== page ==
Authorities are investigating the crash of a small, single-engine plane into a mountainside in Beverly Crest on Saturday night that killed the only occupant.

The Los Angeles Fire Department was contacted by air traffic control personnel requesting assistance in locating a plane that had gone missing around 8 p.m. Saturday night. 

Thick fog made a search by air impossible, so more than a dozen firefighters conducted a three-hour search on foot for the aircraft, which was eventually found near the 3500 block of Beverly Glen Terrace. 

The plane crashed on a steep hillside near a large water tank and close to several homes, giving residents quite the scare. 

  • Beverly Crest fatal plane crash
  • Beverly Crest fatal plane crash
  • Beverly Crest fatal plane crash

“We were just sitting in our living room, and then we heard a large crashing noise,” said Joubin Soleimani. “It sounded like an eighteen-wheeler crashed.”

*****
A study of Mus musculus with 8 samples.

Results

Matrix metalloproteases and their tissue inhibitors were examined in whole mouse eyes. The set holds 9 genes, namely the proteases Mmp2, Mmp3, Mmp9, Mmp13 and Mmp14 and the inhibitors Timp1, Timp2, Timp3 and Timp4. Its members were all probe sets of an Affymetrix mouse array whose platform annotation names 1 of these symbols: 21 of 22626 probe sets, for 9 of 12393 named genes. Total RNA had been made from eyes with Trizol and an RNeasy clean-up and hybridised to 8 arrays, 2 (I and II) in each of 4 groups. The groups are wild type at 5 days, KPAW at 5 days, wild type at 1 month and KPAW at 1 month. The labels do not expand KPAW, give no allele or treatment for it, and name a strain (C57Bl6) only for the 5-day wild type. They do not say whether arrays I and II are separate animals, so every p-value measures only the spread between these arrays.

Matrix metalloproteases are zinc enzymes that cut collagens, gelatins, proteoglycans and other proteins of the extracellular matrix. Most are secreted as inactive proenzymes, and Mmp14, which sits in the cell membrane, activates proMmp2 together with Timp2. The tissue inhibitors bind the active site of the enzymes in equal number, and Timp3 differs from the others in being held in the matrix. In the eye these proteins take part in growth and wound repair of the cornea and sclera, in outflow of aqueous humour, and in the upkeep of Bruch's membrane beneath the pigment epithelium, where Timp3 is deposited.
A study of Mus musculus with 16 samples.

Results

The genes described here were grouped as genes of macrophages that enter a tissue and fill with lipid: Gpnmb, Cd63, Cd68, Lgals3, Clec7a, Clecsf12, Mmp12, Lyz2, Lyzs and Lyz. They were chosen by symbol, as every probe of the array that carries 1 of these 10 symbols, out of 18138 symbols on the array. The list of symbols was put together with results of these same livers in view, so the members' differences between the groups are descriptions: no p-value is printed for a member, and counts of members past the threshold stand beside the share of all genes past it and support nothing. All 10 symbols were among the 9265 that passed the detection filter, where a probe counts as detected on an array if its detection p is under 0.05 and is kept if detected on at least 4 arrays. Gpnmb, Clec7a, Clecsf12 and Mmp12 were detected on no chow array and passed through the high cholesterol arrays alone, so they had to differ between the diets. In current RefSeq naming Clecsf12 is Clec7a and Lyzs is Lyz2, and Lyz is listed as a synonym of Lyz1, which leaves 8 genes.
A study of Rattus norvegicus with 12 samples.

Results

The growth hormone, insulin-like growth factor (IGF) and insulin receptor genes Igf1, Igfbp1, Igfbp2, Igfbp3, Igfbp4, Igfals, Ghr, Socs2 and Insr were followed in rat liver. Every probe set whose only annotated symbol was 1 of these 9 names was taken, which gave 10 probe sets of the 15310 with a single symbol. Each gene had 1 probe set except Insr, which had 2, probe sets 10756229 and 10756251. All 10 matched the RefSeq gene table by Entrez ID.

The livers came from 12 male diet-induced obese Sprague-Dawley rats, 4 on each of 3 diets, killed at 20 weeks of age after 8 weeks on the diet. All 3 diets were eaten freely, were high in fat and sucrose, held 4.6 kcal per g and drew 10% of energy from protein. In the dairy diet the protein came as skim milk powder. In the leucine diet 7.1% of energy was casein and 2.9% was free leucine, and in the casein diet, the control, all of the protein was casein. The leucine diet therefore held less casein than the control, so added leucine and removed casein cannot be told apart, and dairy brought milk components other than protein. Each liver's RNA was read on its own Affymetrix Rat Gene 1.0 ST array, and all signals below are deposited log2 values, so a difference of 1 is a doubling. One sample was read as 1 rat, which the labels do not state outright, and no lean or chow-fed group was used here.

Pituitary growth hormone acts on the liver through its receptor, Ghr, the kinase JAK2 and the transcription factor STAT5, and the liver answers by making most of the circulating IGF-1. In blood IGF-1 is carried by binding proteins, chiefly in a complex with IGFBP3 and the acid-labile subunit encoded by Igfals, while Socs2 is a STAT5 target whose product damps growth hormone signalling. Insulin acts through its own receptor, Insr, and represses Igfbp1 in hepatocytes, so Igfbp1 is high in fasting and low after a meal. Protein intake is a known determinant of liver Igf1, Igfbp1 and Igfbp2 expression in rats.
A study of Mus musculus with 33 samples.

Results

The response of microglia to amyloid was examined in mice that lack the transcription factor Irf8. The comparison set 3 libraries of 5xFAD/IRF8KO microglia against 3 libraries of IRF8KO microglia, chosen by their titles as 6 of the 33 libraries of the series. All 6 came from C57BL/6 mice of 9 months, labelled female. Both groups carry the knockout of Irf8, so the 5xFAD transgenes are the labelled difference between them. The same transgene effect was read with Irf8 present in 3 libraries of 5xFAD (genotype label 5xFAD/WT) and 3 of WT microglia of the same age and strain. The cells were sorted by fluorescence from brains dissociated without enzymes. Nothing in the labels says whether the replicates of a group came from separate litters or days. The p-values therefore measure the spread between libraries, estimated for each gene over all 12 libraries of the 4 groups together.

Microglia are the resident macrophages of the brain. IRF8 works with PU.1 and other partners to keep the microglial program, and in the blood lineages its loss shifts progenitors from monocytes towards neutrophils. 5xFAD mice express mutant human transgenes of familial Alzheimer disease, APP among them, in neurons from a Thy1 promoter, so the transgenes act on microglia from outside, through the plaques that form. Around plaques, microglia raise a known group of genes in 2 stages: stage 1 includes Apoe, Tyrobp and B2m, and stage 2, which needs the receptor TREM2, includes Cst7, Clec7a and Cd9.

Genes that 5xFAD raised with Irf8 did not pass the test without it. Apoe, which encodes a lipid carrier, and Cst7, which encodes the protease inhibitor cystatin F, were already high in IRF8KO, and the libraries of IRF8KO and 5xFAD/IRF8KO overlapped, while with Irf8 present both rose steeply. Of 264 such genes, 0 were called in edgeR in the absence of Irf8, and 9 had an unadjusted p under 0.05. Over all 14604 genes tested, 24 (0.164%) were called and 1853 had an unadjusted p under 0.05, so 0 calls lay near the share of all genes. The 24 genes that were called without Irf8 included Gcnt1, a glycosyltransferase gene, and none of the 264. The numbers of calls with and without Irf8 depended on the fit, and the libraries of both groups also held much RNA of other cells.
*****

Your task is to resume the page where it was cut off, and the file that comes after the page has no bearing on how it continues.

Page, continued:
The plane is registered as a Cessna Skyhawk C172 with the aircraft tail number N575ND.  

Online records indicate the plane is registered to Camarillo Flight Instruction and took off from Palm Springs around 6:49 p.m. The pilot left Bermuda Dunes in Palm Springs and was trying to return home, but suddenly started flying to the Van Nuys Airport where air traffic control had cleared him to land, according to officials from the National Transportation Safety Board.

“The pilot made that turn towards the airport and started descending. Radar contact was lost about a minute later,” Elliot Simpson, a NTSB Senior Aviation Accident Investigator,” said.

NTSB, which is assisting in the investigation, also said that there were no mayday signals and no signs of distress. Officials said the plane will be removed from the crash site tomorrow and taken to a facility in Phoenix for the investigation. A preliminary report is expected in about two weeks.

The pilot’s name was not immediately released.